People in custody and their families

People in custody have the right to feel safe and be treated fairly. Prisons and correctional centres must make sure they respect peoples’ human rights including their right to humane treatment when deprived of their liberty. As prisons are closed environments, often out of sight, it is even more important that people in custody can voice their concerns and that there is a high level of transparency and oversight.

Everyone deserves to be treated fairly and with respect in custody and be supported to rehabilitate.

Victoria’s human rights law requires public authorities, including the Department of Justice and Community Safety, which operates prisons in Victoria, to act compatibly with relevant human rights.

Some of the important rights that apply to people in custody include:

  • the right not to be treated or punished in a cruel, inhuman or degrading way
  • the right be treated with humanity and with respect for the inherent dignity of the human person
  • the right to enjoy their human rights without discrimination, including Aboriginal cultural rights.

This means prisons and correctional centres must uphold your rights, even when you are in custody.

Recent investigations into Victoria’s prisons and correctional centres have found that people’s rights are not always protected when they are in custody. Sometimes people are treated unfairly or abused. Sometimes people are strip-searched, subjected to solitary confinement or subject to excessive use of force when they shouldn’t be. Sometimes disciplinary decisions are not fair and transparent. Some groups of people, including women, Aboriginal people, gay, lesbian and transgender people, and people with disabilities, may be treated unfairly because of who they are.

The Cultural Review of the Adult Custodial Corrections System is an important opportunity to help create a safer and more humane corrections system – one that upholds the rights of every person in custody, that promotes rehabilitation, and that provides support for the needs of each individual.

The Review will look at these issues. It aims to make sure people in custody:

  • are not treated unfairly, bullied or abused
  • are treated with respect and dignity
  • can access programs that help them connect with their culture
  • receive psychological and health support if they need it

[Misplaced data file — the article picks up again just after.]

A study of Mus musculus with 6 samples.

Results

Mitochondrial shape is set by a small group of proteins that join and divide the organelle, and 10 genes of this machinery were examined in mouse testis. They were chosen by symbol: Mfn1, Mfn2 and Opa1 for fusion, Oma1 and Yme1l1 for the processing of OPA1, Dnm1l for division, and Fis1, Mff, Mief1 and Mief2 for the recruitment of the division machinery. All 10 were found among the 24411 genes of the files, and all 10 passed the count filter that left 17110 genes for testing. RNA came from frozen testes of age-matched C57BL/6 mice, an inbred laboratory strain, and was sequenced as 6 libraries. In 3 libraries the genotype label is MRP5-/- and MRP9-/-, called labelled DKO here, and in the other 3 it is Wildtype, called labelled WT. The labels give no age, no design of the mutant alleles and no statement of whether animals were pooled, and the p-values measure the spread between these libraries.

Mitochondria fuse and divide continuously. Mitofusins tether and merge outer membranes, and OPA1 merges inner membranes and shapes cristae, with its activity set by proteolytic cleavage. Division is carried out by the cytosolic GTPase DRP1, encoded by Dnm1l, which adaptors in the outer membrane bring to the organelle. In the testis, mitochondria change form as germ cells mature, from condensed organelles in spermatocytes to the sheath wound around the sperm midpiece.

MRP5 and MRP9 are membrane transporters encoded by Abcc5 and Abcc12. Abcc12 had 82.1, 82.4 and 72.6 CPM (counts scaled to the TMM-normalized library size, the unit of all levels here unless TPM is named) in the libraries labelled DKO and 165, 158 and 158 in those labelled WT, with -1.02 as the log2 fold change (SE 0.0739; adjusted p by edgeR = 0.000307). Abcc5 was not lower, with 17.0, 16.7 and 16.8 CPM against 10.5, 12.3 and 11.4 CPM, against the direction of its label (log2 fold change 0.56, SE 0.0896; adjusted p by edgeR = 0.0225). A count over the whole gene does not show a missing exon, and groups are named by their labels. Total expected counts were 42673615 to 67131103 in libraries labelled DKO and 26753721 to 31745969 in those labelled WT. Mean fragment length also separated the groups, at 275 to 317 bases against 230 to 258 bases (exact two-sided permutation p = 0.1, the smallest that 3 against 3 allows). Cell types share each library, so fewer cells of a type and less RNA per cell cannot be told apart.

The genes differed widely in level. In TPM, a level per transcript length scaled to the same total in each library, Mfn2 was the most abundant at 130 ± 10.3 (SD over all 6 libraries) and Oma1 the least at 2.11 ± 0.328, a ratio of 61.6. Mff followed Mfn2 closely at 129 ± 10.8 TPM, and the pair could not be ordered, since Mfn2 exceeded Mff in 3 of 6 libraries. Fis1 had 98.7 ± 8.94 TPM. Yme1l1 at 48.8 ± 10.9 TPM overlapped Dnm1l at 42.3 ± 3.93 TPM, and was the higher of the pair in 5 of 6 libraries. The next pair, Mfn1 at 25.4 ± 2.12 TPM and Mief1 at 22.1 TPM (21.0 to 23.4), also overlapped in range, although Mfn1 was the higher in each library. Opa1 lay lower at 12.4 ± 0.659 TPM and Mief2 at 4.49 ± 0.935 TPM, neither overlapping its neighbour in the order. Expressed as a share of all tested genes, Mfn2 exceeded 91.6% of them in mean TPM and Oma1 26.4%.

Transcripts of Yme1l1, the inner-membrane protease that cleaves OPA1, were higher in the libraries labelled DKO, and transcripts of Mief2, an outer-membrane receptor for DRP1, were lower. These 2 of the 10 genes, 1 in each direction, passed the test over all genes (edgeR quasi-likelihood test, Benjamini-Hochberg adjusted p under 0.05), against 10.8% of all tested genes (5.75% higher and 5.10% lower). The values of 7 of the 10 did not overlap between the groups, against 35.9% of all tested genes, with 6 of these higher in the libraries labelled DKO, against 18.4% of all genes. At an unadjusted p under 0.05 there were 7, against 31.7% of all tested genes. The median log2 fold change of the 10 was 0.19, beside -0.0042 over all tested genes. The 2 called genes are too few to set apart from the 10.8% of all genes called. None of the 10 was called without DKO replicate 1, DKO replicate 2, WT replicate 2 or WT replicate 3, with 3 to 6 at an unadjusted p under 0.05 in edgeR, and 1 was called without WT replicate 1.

• can make a complaint if they are treated unfairly
  • are treated fairly in any disciplinary processes.

Ensuring safe and humane prisons and correctional centres

The terms of reference direct the Review to look at two key themes in how people are treated in Victorian prisons and correctional centres:

  • How culturally safe Aboriginal people are when they are in custody
    Connections to culture and family can help Aboriginal people feel safe and supported, even when they are in custody. Prisons and correctional centres should find ways to support Aboriginal people to stay connected to their culture when they are in custody and to be free from racism, unfair treatment, sexual harassment, bullying or abuse. Aboriginal communities should be able to make decisions about how Aboriginal people are treated if they are in custody.
  • How people are treated in custody
    All people should be treated fairly and be safe while in custody. Some people in custody are at risk of being treated unfairly because of who they are – for example, women, LGBTIQ people, people with disabilities, older people, and people who speak languages other than English or who come from different cultural backgrounds. Prisons and correctional centres should have systems and processes in place to make sure all people are safe while they are in custody.

Aboriginal people in custody

The experiences of Aboriginal people in custody will be a central part of the Review. Aboriginal people are over-represented in the prison population for a complex range of reasons, including systemic discrimination and trauma across generations due to the continuous impacts of colonisation. Since the Royal Commission into Aboriginal Deaths in Custody handed down its report 30 years ago, more than 25 Aboriginal and Torres Strait Islander people have lost their lives in custody in Victoria.

Ensuring prisons and correctional centres are culturally safe helps support Aboriginal people’s wellbeing and rehabilitation. The Review will speak with Aboriginal community members and organisations, and people who have lived experience of custody to make recommendations to improve the experiences of Aboriginal people in custody including by addressing racism and finding ways to stay connected to culture and family.

Find out more about how the Review will support Aboriginal cultural safety

There are some things we can’t look at

While the Review will look at a wide range of issues, there are some areas that are outside the scope of the Review:

  • the experience of people held in custody in police cells
  • the behaviour of police custody officers
  • Victoria’s community corrections system
  • specific COVID-19 custodial arrangements
  • legislation outside the portfolio of the Minister for Corrections.

We want to hear about your individual experiences to inform the Review, but we cannot investigate or resolve individual incidents or complaints of misconduct. If you wish to make a formal complaint or seek help, we can provide you with more information or help you with a referral. You can view our Help and support page for more options.